European solar systems rely on Chinese products. According to Eurostat, three-quarters of EU solar modules imported in 2020 came from China.
Europe imported 8 billion euros worth of solar panels in 2020, but only exported 1.8 billion euros of modules. Solar panel pricing is also falling based on import volume and value. The volume of European imports of solar energy products in 2020 was 250% of its 2015 volume but total value was lower than the 2012 record. The value of European solar exports was the same as 8 years ago.
According to 2020 statistics, China is Europe’s main source of imported solar modules, accounting for 75% of the market. Remaining imports break down as follows: Malaysia 6%, Japan 4%, South Korea 3% and Taiwan, the United States, and the United Kingdom each account for 2%.
China is also one of the important export markets for European solar module manufacturers, accounting for 8% of shipments. The United States is the main buyer of European solar manufacturers, accounting for 18% while 14% of European solar panels are shipped to Singapore, 11% are shipped to the UK, 7% are destined for Switzerland, and Malaysia and Taiwan each account for 6% of Europe’s solar export market.
However, Europe also wants to increase its future production capacity in terms of solar energy after experiencing the impact of the COVID-19 pandemic, facing port congestion, and coping with the expanding demand for renewable energy. At the same time, the EU also hopes to include the carbon footprint of imported solar panels in the "Carbon Border Adjustment Mechanism Plan." These factors have continuously promoted the development of solar manufacturing in Europe.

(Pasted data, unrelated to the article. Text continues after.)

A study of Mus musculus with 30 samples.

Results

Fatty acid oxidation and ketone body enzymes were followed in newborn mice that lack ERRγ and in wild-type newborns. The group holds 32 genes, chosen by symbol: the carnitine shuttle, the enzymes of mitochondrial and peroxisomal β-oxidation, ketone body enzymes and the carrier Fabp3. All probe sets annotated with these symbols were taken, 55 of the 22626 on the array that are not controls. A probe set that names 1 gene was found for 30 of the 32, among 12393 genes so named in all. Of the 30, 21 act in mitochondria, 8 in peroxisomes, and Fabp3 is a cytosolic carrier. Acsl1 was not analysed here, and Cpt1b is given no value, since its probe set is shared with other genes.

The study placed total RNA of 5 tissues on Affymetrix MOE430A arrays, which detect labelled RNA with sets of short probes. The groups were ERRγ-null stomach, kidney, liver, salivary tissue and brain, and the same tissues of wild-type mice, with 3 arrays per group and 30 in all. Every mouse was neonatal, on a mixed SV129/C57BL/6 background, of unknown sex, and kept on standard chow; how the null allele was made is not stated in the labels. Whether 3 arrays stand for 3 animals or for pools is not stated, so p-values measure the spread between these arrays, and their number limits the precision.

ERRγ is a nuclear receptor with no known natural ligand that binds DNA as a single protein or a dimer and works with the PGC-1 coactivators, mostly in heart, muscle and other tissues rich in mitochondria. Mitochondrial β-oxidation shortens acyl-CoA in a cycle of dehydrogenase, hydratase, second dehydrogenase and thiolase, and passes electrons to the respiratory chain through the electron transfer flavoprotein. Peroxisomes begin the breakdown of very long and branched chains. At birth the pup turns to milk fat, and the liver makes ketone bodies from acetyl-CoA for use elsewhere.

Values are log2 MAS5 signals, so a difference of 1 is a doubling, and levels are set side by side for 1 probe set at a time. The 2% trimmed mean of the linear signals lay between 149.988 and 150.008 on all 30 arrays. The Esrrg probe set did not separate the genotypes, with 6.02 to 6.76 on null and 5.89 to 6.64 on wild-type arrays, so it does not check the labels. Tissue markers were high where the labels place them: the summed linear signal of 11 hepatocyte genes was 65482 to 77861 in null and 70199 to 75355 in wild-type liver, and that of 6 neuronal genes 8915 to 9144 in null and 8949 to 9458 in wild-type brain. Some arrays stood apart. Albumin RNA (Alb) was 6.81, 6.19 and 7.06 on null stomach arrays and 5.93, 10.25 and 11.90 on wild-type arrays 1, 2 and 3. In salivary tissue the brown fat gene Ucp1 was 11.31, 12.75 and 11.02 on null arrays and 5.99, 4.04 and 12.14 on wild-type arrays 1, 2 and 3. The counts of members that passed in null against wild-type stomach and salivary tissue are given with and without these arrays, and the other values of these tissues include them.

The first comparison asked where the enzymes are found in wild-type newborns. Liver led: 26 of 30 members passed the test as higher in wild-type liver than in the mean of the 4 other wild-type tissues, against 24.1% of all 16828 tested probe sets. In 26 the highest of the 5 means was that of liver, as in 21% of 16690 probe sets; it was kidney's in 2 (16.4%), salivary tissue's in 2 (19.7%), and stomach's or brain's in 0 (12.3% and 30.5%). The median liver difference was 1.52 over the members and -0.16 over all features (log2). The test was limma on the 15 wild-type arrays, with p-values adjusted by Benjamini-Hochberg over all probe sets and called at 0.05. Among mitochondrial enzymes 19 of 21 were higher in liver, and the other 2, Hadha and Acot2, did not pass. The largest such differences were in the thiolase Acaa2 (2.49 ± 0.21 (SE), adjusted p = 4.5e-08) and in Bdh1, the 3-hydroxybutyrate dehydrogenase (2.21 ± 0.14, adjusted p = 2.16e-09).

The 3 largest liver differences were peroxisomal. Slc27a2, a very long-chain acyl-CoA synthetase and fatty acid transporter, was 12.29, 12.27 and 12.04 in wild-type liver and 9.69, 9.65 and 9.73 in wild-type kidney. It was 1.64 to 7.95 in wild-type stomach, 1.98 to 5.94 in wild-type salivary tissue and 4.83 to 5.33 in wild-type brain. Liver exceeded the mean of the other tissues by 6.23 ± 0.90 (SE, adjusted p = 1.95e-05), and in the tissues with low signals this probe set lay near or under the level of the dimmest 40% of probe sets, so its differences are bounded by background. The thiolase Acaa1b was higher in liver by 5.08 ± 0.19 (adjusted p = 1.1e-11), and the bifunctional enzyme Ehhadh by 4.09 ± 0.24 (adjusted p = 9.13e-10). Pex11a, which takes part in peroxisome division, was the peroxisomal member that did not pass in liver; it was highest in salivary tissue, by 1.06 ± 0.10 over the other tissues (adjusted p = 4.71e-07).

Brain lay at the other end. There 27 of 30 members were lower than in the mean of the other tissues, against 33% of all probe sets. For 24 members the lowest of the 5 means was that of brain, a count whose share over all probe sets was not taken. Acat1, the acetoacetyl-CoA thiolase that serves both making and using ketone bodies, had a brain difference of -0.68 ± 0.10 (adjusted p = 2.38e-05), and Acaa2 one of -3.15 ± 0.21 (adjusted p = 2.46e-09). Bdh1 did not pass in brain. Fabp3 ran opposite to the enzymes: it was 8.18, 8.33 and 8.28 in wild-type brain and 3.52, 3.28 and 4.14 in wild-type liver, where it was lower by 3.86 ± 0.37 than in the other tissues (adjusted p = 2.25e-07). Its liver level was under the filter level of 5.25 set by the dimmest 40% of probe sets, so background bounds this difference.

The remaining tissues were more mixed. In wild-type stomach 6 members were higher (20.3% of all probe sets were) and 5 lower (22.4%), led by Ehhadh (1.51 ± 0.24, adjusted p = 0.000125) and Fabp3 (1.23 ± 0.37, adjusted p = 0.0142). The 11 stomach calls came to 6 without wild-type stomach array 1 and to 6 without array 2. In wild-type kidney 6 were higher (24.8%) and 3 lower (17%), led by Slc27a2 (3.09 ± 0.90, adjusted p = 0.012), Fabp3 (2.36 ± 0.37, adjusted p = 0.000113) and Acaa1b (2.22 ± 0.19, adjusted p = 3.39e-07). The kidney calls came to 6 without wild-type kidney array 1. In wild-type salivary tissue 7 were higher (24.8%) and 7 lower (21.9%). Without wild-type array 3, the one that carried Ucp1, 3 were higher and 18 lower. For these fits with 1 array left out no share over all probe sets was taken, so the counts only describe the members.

Minister for the Ecological Transition of France, Barbara Pompili, stated by video from Brussels, the 27 EU member states should ensure that the supply of high-tech products such as wafers and solar panels does not rely Chinese manufacturing. The EU must also ensure that new technologies such as hydrogen energy remain in Europe. Europe has learned from the experience of COVID-19 the importance of improving the safe supply of and reduction of dependence on China for key raw materials in order to consolidate national sovereignty.
In fact, in 2013, the European Union used anti-dumping and anti-subsidy duties against Chinese solar products on the grounds of preventing low-price dumping. If China’s solar energy imports exceeded the EU’s minimum price standards, they could be sold tax-free, and if they fell below a minimum price, they would be subject to a 64.9% tariff. The measure ended as scheduled on September 4, 2018.